The Meridian Ball, a Diplomatic High Point
There was genteel head-shaking and tut-tutting at Friday night's Meridian Ball: The Senate's rejection of the nuclear test ban treaty Wednesday left the black-tie international crowd perplexed and dismayed. "Not our finest hour," said one distinguished guest, who diplomatically declined to discuss the matter for the record.
But in an odd way, the timing of the vote underscored the raison d'etre of the Meridian International Center: a place for statesmen from all countries to educate and assist each other. "It really helps to promote international understanding," said Marcelle Leahy--wife of Vermont Sen. Patrick Leahy--who co-chaired the 31st annual ball with Lilibet Hagel, wife of Nebraska Sen. Chuck Hagel.
The annual event is one of the oldest in Washington and the center's biggest fund-raiser. Embassies throughout the city host private dinners for guests before they go on to dessert and dancing at the historic old mansion off 16th Street. "We beg, borrow and almost steal to keep going," said Meridian's president, Walter Cutler.
The ball always attracts an impressive mix of politicians, ambassadors and businessmen. This year protocol chief Mary Mel French represented the Clinton administration, and FBI Director Louis Freeh represented cute guys who love to dance with their wives. ("Good party," he said approvingly.)
But organizers knew the ball needed a face lift or two, so this year the grand but chilly gardens had, for the first time, a warm tent--donated by Sheikh Abdulaziz A. Al-Sulaiman of Saudi Arabia, who's a Meridian board member. And the party this year included a group of under-40 types, which brought the average age to . . . oh, never mind. "We decided to spruce up this event by bringing in young people," Cutler said.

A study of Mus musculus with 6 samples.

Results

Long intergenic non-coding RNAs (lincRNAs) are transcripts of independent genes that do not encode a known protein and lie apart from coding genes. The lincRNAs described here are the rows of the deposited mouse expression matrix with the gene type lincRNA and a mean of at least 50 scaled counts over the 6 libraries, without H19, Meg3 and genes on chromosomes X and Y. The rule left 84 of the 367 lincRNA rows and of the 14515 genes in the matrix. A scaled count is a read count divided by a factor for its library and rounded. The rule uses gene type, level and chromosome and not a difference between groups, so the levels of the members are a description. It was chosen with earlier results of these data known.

And not just any young people. The Young Benefactors Committee included Capitals co-owner Jonathan Ledecky and MicroStrategy's 34-year-old billionaire CEO, Michael Saylor, who dined at Meridian's adjacent White-Meyer House before the dance.
At 1 a.m., the dance floor was still full--a lovely way, we think, to promote international relations.
Win, Place or . . . Just Show Up
There was only one problem at Saturday's 62nd International Gold Cup--some really unfortunate hats. We are sad to report that most Virginians have lost the art of wearing stylish hats to horse races. Otherwise, the fall steeplechase at Great Meadow in the Plains was perfect: flawless weather and tailgate parties replete with champagne and gourmet goodies. The crowd could best be described as "horse money": that delicious mix of blue blood, new blood and horse sense. Marlene Cooke was on hand with her new Swedish fiance, Anders Ulle, right. Virginia Warner, the senator's daughter, left, looked sleek in sunglasses and designer suede pants, and actor Robert Duvall was his captivating self, that charming devil. No wonder folks could barely tear themselves away to watch the races.
Foundation for Success
Thursday's dinner for the "I Have a Dream" Foundation at the National Museum for Women in the Arts proved, once again, that dreams can come true. Entrepreneur Mario Morino was honored for his work with the foundation, which provides at-risk students with scholarships and tutoring through college. Strayer University sophomore Daunte Richmond, with mentor Elouise Chase, right, came out of what he called "the baddest neighborhood in Southeast." He told the crowd, "I am very proud, because out of all of my friends I grew up with, they are still on the street corner selling drugs, and I'm successful and going to college."
CAPTION: Clockwise from left: the receiving line Friday night; Lilibet and Sen. Chuck Hagel; and Lisa Pappas with Michael Saylor.